If you were to ask any athlete past, present, or future what their favorite sports memories include, what would they say?
It’s bigger than the scoreboard.
Sports are about being a part of something bigger than yourself. Sure, they can bring individual highlights, honors, and praise, but anything special involves teammates. We can’t do it alone.
Long after the games are over scores will be forgotten, stats will be replaced, and trophies will collect dust. However, the memories made last a lifetime.
We tell our own children and the athletes we coach all the time, ‘Be a good teammate.” Well, what does that mean? What does one do to make him or herself a great teammate?
Eight traits the best teammates have.
Great teammates are unselfish. Bright lights don’t need spotlights. Being an unselfish teammate allows one to make the right play. They don’t care who gets the credit and know the star of the team, is THE TEAM. These unselfish teammates seek opportunities to praise others.
Great teammates are hard workers. They have high energy and raise the level of every room, gym, or field they enter. These teammates show up every day, no excuses given, and give their very best. It’s in their nature to give maximum effort, and by doing so they force everyone on the team to raise their level of play.
Great teammates root, support, and cheer for everyone on the team. These teammates support everyone on the team including all players, coaches, and managers. They are about the name on the front of the jersey, not the number on the back. It doesn’t matter if it’s the All-State player going D1, or the kid who never plays whose career ends when the season is over; these great teammates are cheering loudly for each person they have the honor of calling a teammate.
Great teammates don’t bring drama or negativity to the team. Simply put, they don’t allow drama to be a part of the culture. They help create the culture by living out the standards and values which are put on posters. When they come to practice they’re not checking phones, sending snaps, or engaging in gossip. They connecting with teammates, lifting others up, and setting the tone for an enthusiastic practice.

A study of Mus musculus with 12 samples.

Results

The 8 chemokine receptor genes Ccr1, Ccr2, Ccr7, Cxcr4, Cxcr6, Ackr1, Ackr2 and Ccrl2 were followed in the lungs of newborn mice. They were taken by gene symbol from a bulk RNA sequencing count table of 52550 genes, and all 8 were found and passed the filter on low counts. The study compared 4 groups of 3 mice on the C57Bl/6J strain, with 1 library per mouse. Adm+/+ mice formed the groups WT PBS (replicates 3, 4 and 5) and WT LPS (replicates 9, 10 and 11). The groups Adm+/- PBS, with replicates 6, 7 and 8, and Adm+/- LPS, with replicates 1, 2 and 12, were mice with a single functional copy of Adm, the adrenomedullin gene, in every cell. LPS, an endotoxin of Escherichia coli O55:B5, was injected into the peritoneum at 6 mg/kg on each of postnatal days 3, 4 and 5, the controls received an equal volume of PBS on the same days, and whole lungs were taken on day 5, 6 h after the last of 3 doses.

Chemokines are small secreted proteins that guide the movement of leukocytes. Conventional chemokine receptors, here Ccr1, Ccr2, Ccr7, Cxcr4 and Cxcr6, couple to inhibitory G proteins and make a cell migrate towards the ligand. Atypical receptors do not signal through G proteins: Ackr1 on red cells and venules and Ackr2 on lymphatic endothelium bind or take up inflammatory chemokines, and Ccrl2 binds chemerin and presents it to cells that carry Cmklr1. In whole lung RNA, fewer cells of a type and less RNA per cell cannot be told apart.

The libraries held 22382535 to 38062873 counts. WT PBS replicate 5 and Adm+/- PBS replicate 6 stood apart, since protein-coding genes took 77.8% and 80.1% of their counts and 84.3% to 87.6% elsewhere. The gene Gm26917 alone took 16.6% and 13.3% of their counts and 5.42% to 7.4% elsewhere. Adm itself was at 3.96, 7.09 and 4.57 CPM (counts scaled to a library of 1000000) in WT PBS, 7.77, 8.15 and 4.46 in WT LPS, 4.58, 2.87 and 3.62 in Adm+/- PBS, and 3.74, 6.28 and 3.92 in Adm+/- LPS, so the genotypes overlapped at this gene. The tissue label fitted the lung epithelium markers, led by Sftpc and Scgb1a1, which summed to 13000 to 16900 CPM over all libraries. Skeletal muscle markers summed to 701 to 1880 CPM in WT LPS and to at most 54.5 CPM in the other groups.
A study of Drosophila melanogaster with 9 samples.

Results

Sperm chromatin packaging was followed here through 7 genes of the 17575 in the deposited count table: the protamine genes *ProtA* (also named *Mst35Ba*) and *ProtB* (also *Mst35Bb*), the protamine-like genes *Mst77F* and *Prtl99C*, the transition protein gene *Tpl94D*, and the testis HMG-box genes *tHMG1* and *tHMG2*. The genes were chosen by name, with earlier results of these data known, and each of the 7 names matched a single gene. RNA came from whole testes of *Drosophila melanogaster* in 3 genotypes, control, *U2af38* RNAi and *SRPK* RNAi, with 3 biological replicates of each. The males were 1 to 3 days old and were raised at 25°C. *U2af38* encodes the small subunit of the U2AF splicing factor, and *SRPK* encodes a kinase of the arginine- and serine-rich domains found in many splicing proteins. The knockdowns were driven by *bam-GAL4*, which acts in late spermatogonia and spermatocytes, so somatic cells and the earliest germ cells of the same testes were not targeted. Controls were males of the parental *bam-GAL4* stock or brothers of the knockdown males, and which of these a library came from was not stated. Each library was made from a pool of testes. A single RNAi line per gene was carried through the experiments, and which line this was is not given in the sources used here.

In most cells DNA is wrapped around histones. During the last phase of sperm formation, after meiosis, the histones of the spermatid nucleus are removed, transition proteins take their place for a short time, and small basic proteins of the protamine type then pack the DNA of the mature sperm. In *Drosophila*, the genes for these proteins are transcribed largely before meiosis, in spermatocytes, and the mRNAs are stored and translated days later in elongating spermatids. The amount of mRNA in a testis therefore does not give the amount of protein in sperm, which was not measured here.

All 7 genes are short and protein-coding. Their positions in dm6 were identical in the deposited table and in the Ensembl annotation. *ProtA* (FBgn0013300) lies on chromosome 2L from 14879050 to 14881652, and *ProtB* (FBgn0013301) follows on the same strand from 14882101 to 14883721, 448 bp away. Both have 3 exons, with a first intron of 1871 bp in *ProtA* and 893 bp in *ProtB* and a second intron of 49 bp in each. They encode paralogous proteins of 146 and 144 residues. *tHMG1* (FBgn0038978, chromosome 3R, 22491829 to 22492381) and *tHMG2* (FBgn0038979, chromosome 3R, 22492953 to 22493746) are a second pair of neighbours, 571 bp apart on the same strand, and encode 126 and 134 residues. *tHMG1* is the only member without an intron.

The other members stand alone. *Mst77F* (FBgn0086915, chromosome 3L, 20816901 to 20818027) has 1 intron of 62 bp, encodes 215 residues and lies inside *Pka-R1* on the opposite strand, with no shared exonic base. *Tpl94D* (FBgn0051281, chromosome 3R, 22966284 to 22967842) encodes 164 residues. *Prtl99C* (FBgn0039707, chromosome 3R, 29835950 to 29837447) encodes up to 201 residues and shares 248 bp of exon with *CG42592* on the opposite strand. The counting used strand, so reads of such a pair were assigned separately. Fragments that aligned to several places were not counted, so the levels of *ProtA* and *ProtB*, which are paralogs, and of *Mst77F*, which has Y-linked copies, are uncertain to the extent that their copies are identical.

Great teammates compete every day. These teammates don’t take days off. Heck, they don’t take drills off. They compete at everything. Everything is a healthy competition. By having this mindset they help their team stay sharp. Complacency is not allowed to creep into the culture. Players who compete every day push their teammates to become better and in the process take their team to new heights.
Great teammates don’t let their talent interfere with their character. These players are special because they combine talent with character. They are true leaders. They know that just because they have talent it doesn’t give them permission to coast. They don’t let off the court behavior become an issue. They show up in the classroom the same way they do on the field. They hold themselves to the same standard, if not higher than everyone else.
Great cultures don’t exist without great teammates
Great teammates believe in the team. Instead of pointing fingers and asking what’s wrong? These teammates are saying, ‘C’mon we got this!” When the team is trailing and things aren’t going as planned, these athletes inspire their teammates to fight back and give it their all. When the team is winning and things are going well, they remind their teammates the game’s not over and they can always do better. Great teammates believe in the team’s mission, and want to do whatever is needed to push the team closer to its goals.
Great teammates embrace their role. These teammates don’t whine, complain, or sulk about playing time. They embrace their role and do it to the best of their ability. Great teammates understand they don’t have to be a “star” but they can “star” in their specific role on a team. Great cultures don’t exist without teammates willing to sacrifice for the greater good of the team. Teams can only win championships when players acknowledge, accept, and excel in their roles. Great teammates do that.
Great teammates know there is more to leading by example. They are the creators and protectors of special team cultures.
Be sure to share these traits with your athletes to help build the special team culture you’ve always wanted.